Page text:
Written by Josefina Lopez and George LaVoo
Directed by Patricia Cardoso
If you’ve ever caught the television show Ugly Betty, then you’ve caught a glimpse of the amazingly talented America Ferrera. In Real Women Have Curves, she portrays the central character, Ana Garcia. This is her first role and I find it amazing how the two characters really seem to connect.
Ana is a bright girl who’s graduating high school. Her English teacher, Mr. Guzman (portrayed by George Lopez) encourages her to go to college. He even visits her home in an attempt to convince her parents she should go. Unfortunately, those pleas fall on deaf ears. Her father, Juan (portrayed by Jorge Cervera Jr.), defers to her controlling and manipulative mother, Carmen (portrayed by Lupe Ontiveros), who sees the girl only as a source of income now that she’s able to work. She’s given a job in her sister’s fledgling seamstress business, which is just about one step above a sweatshop.
Ana is not happy about the situation, that is clear. However, she plays the dutiful daughter and heads off to the factory, despite her reservations and resentment. To complicate matters further, her mother is constantly riding her about her weight, insulting her at every turn. It’s not that Ana is terribly overweight, but she’s a full-figured kind of girl. All of this has worn down her self-confidence to the point where she’s resentful of her family and bitter about her life and her future.
Eventually, she connects with a boy at school, Jimmy (portrayed by Brian Sites). His feelings for her, warts and all, give her a sufficient ego boost. Ana is realistic in what their relationship is and doesn’t expect a commitment from him as he’s preparing to leave for college. Ana is accepted on a full scholarship to Columbia University as well, and she wants to leave against the wishes of her family.
Ana is a magnificent character. She’s coming of age and it’s not in the fashion I’m used to seeing in teen movies. She’s not a kid who has it all and is searching for meaning. She comes from an impoverished background and must fight tooth and nail just to be able to escape the cycle that pervades the culture she’s grown up in. Even her sister whines that her weight is a way for her to be taken seriously. If she were thin and beautiful, she would not be considered a serious businesswoman. Like her, Ana fights the stereotypes and how people want to pigeonhole her into the role of wife and mother, with no mind of her own. America Ferrera plays the role beautifully. Ana is no angel and can be bratty at times. America gets the expressions down pat with sulky, belligerent looks even as she’s grudgingly giving in to what’s expected.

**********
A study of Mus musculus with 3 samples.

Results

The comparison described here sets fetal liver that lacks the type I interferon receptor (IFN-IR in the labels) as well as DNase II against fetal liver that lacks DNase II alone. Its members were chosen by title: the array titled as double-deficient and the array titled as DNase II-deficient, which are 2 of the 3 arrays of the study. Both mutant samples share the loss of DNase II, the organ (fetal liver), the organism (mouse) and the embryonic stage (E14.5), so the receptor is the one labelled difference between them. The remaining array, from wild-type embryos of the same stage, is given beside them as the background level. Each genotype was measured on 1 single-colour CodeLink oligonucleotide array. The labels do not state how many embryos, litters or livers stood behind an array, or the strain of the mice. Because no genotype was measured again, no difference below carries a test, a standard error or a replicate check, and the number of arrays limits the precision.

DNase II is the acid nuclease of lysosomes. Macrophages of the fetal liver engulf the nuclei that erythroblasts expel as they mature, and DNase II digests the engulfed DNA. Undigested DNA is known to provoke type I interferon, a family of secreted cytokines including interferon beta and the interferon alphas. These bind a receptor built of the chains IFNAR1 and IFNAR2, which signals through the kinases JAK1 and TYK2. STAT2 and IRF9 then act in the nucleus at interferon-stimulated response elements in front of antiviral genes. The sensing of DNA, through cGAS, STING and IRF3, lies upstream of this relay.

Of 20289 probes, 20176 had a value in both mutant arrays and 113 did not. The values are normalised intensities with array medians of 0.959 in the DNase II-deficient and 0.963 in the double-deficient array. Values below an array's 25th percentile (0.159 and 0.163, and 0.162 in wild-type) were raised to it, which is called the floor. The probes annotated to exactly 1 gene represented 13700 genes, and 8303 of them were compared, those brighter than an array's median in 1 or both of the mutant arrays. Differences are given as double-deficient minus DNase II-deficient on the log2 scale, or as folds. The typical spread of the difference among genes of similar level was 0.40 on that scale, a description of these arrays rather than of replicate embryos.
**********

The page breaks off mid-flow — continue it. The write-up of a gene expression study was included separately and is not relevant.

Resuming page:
The role of Carmen is complicated. Most parents want to see their children achieve all they can, and usually do better than they fared in life. Carmen seems to resent Ana’s abilities and potential, preferring to see the girl sentenced to a life in a sweatshop rather than getting an education and getting out of the poverty that surrounds them. She prefers to see her sentenced to a life as a wife and a mother with little hope for anything more, rather than achieving what her potential will allow. At one point she even says that “it’s not fair”. To keep Ana tied to the family and doing what she wants, she manipulates her with ailments and sob stories as well as emotional manipulation, all the while insulting the girl. She seems to revel in the little defeats life hands Ana, and enjoys seeing her beaten down.
The love Ana gets is from her father and grandfather. They seem to understand the growing pains Ana is experiencing. Though her father won’t stand up to his wife, he subtly encourages his daughter to go for her dreams.
There are parts of the story that are somewhat contrived. The whole admission process to Columbia University doesn’t ring true, not the ease with which she manages to secure a full scholarship with no apparent direction in life other than to get away from home. Still, the story is a sweet one, and one that many girls can relate to. Many of us have grown up in an era very different than what our mothers were raised in and it’s hard to make the adjustment from one generation to the next. In certain cultures, this is still prevalent, especially for first-generation Americans.
Real Women Have Curves was the winner at the Sundance Festival in 2002 and is a fine movie with more going for it than your usual teen flick. It doesn’t show a major breakthrough on an issue, but just sends the message that the women we usually see on the silver screen and television and in the magazines aren’t “real” but instead an ideal that many of us try to kill ourselves trying to achieve. The real women are the hardworking ones who have stretch marks, cellulite, and softness.
A good portion of Real Women Have Curves is in Spanish, so be prepared to read subtitles. I found it a wonderful film that left me feeling good and reinforced what I have liked about this actress since I came across her on television earlier this year.
” Additional Scene
” Audio Commentary with America Ferrera & Lupe Ontiveros
” Audio Commentary with Director Patricia Cardoso, Writer Josefina Lopez, & Producre/Writer George LaVoo
” Featurette #1 (English Language)
” Featurette #2 (Spanish Language)
” Special Offer From People En Espanol
” Cast & Crew Bios
Categories: Movie Reviews
Ah, the “Beauty fades, dumb is forever” line reminds me of Judy Sheindlin and her now-closed show “Judge Judy.”